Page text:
Photo by Rebecca J. Banabi.

The wild Corolla horses of North Carolina are welcoming the next generation of wild mares and stallions with the addition of four foals since February.

Ezra, a colt, was born in late April to one of the herd’s experienced mothers. The Corolla Wild Horse Fund, an organization which cares for the horses, posted on Facebook that all of Ezra’s mother’s foals have been black and had no markings, but Ezra is creating excitement because he is a chestnut baby with a star on his forehead.

“Color and markings make absolutely no difference to the horses, but they sure make it easier for us to identify them when they’re older,” the Fund posted.

A colt named Eros was born in February and is part of a group that mainly lives in the marsh and remains less accessible for the Fund to gather details.

The third foal welcomed this season was a filly named Eowyn, also born in April, to dam Arwen and stallion Rohan. The translation of her name, which is from “Lord of the Rings,” is “joy from horses” in Old English.

Elvis was born in early May and his birth is creating excitement because he is mare Alma’s first foal, but also because his mother is a young mare who was ostracized from her harem at age two.

“She was a little lost for a while, but eventually found a group that accepted her,” the Fund wrote.

The harem Elvis and Alma are a part of is also the harem of Eowyn and her mother.

“It’s always nice when foals can grow up with each other. We hope that Alma stays with this harem – they are very stable, and the stallion is very protective. Alma is being a good mom and her colt, who we’ve named Elvis, is perfect!”

The Fund wrote that ostracizing of herd members is normal in wild horses and Alma just needed time to find her place as a young mare.

“These situations are often beyond the scope of our control and sometimes you just have to trust that nature will work out like it should, one way or the other. In this case, it seems to have worked out for the best and we are very excited to welcome Alma’s first foal to the herd.”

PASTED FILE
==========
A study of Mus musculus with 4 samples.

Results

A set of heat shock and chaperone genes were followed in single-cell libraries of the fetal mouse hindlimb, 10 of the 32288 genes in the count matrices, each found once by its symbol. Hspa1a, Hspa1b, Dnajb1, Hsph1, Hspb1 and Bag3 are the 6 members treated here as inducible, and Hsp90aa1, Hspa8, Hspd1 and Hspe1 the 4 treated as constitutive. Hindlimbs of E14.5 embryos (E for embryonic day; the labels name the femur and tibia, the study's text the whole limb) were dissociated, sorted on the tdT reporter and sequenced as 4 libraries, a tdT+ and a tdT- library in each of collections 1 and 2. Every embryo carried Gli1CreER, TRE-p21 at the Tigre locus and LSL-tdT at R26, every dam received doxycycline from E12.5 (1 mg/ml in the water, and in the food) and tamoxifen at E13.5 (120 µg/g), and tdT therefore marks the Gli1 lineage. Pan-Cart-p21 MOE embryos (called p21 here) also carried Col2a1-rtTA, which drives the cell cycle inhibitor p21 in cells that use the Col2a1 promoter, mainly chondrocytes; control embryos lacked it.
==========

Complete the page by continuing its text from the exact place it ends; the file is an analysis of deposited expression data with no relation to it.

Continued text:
As always, the Fund encouraged anyone visiting Corolla Beach who may happen upon the herd and babies to remain 50 feet away.

“Crowding them can cause unnecessary stress and can also habituate the foal during this very critical stage of his development. Causing a traffic jam around the horses is dangerous for them, other drivers and pedestrians – please be sensible, respectful, and law-abiding if you are driving on the beach this spring and summer.”

The Fund always welcomes monetary donations to help care for Corolla’s wild horses.
“Always err on the side of caution and help us make sure Elvis, Eowyn, Ezra and Eros have a long, bright, WILD future ahead of them!”

Rebecca Barnabi

Rebecca Barnabi

Rebecca J. Barnabi is the national editor of Augusta Free Press. A graduate of the University of Mary Washington, she began her journalism career at The Fredericksburg Free-Lance Star. In 2013, she was awarded first place for feature writing in the Maryland, Delaware, District of Columbia Awards Program, and was honored by the Virginia School Boards Association’s 2019 Media Honor Roll Program for her coverage of Waynesboro Schools. Her background in newspapers includes writing about features, local government, education and the arts.